ROCK SPRINGS — Five Climb Wyoming graduate moms are celebrating this Mother’s Day with a new job. And not just any job, but a skilled high-paying Commercial Driver’s License (CDL) job with benefits and a stable schedule.
Climb Wyoming just graduated 10 women from its CDL program. Lewis & Lewis, an asphalt paving and road construction company who has been in Rock Springs for 30 years, has already hired half of them.
Pat Clingman, truck supervisor and dispatcher for Lewis & Lewis, was eager to partner with Climb.
When he heard they were hosting the CDL program for the first time in five years, he called them right away.
He was short-handed and he had partnered with them in the past. Clingman said it worked out, with one Climb grad still employed there.
“We still have Diane Jennings, who has worked here six years or so now. And she went through Climb. At one time, we had seven Climb drivers,” said Clingman.
He said that one Climb grad moved on to work for a welding company delivering supplies and now she’s the manager of that company.
“That’s where things can lead you. All you need is opportunity,” said Clingman.
Breaking the Cycle
Climb Wyoming is a non-profit that trains single moms for jobs that help them be self-sufficient.
The program states that 40% of Wyoming’s single mothers with children under age 18 live in poverty, according to a 2014 statistic.
The aim is to break the cycle of generational poverty by providing a skill that meets a workforce need.
“If I didn’t go through Climb and if I didn’t have this job, I’d be struggling or moving back in with my mom. I absolutely love my job and I never thought I’d be able to say that.”
— Crystal Jordan, graduate of the Climb Wyoming CDL program
In addition to the job skills, they also coach communication, conflict resolution, nutrition, self-care, parenting, budgets, and other life skills.
Climb classes around Wyoming have trained women for office careers, construction, warehouse inventory, medical careers, and Certified Nursing Assistants (CNA).
It can be competitive too. The 10 women who graduated were among 40 women who applied for the CDL program.
The Difference a Job Makes
For 20-year-old Crystal Jordan, being a truck driver meant going from working three jobs at once to only needing one job where she has doubled her pay.
Jordan was making ends meet working at McDonald’s, cleaning hotel rooms, and detailing cars.
“Since I was 16, I’ve never had just one job and been able to live off of it. This is a big thing for me. When I was working all these different jobs and all these hours, like I worked overnights plus all day. I never got to see my kid,” said Jordan.
She would come home and her two-year-old son would already be asleep. Jordan would put him to bed, then the next morning she would see him just long enough to get him ready to take him to a babysitter.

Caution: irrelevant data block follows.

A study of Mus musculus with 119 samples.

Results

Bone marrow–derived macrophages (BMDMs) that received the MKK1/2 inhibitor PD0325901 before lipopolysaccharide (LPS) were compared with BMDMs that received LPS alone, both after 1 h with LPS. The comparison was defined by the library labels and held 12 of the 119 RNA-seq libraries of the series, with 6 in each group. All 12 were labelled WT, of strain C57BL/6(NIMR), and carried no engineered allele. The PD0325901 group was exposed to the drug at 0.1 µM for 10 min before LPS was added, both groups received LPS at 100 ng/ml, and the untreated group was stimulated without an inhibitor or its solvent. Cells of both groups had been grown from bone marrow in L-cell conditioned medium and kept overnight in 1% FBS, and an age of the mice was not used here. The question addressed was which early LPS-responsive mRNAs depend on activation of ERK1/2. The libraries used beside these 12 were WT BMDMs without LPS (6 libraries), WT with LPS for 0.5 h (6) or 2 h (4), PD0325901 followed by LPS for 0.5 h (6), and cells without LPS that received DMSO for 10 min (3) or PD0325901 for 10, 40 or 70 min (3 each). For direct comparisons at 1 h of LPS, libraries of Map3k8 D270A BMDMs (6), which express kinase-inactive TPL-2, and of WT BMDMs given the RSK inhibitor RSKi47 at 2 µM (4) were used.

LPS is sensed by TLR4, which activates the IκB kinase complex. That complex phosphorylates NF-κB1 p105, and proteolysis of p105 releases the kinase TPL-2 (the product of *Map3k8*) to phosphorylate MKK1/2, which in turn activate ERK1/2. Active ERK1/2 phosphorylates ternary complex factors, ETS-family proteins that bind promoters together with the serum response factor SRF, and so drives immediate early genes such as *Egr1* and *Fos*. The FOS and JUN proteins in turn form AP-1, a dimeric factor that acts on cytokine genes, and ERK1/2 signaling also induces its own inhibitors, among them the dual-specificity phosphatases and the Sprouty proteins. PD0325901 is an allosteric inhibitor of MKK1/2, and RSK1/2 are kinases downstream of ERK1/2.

“Now, I get to come home and I get to make him dinner, put him to bed, give him his bath before he goes to bed,” said Jordan. “My kid’s not old enough to understand, but I get to spend more time with him.”
The five ladies went through professional truck driving school, which included 50 hours of drive time plus endorsements for doubles, triples, and tankers.
To obtain a CDL, a student must take a series of written tests, log hours behind the wheel, then pass a driving test with challenging backing maneuvers. Then the on-the-job training begins.
Sasha Nowack has especially loved her three weeks on the job.
“I was made for this job, I guess. My calling.”
— Sasha Nowack, graduate of the Climb Wyoming CDL program
Truck driving was intimidating at first, which was a sentiment echoed by all the Climb graduates. Nowack said it was challenging learning to shift gears, learning to do the alley dock for the driving test, and learning how to drive under the silo on the job. But, she’s caught on quickly and felt proud to be able to teach other women.
Plus, the paycheck is making a big difference in her life too.
“For me, without having any other skills other than customer service, I got the highest paying job I possibly could get, which paid $12 an hour, 40 hours a week,” said Nowack.
“But even that job was not enough to cover everything. I still had to have help. Now I can afford to pay my bills. I moved my mom in so she can babysit for me so I can work these long hours. It’s done a 180 for me.”
A Sense of Accomplishment
Most of the ladies cited a strong sense of accomplishment in completing the program. There were challenging aspects all along the way, from memorizing all the elements in the CDL written tests to learning the “real truck driving” that happens on the job.
This job is “working under difficult situations with people doing difficult things. They’re handling everything pretty well. You’ve all done well,” said Clingman.
He said his proudest moments have been helping the new drivers develop their skills until they are able to confidently say “Yeah, I can do that” and then watching them go do it well.
“We’re Gonna Make it”
Erin Tucker, who said she has tripled her salary with this new job, said she felt tremendous sense of accomplishment at commencement.
“I didn’t graduate, so I’ve never gotten to go wear a cap and gown and be in front of everybody. It was a really good feeling,” said Tucker.
When asked if it’s cool being a lady truck driver, Tucker exclaimed, “Heck yes! It’s so much power that you’re controlling when you’re behind that wheel. The fact that you can control that much power is really awesome.”
Cheryl James, who the ladies described as the mom of the group, said she’s learned something from every single person in the program.
“I’m really thankful for the Climb program. I’m really thankful for the girls. I have a feeling this is going to totally change all of our lives for the better. We are not going to struggle anymore. We are not going to hurt. We’re not going to suffer. We’re gonna make it,” said James.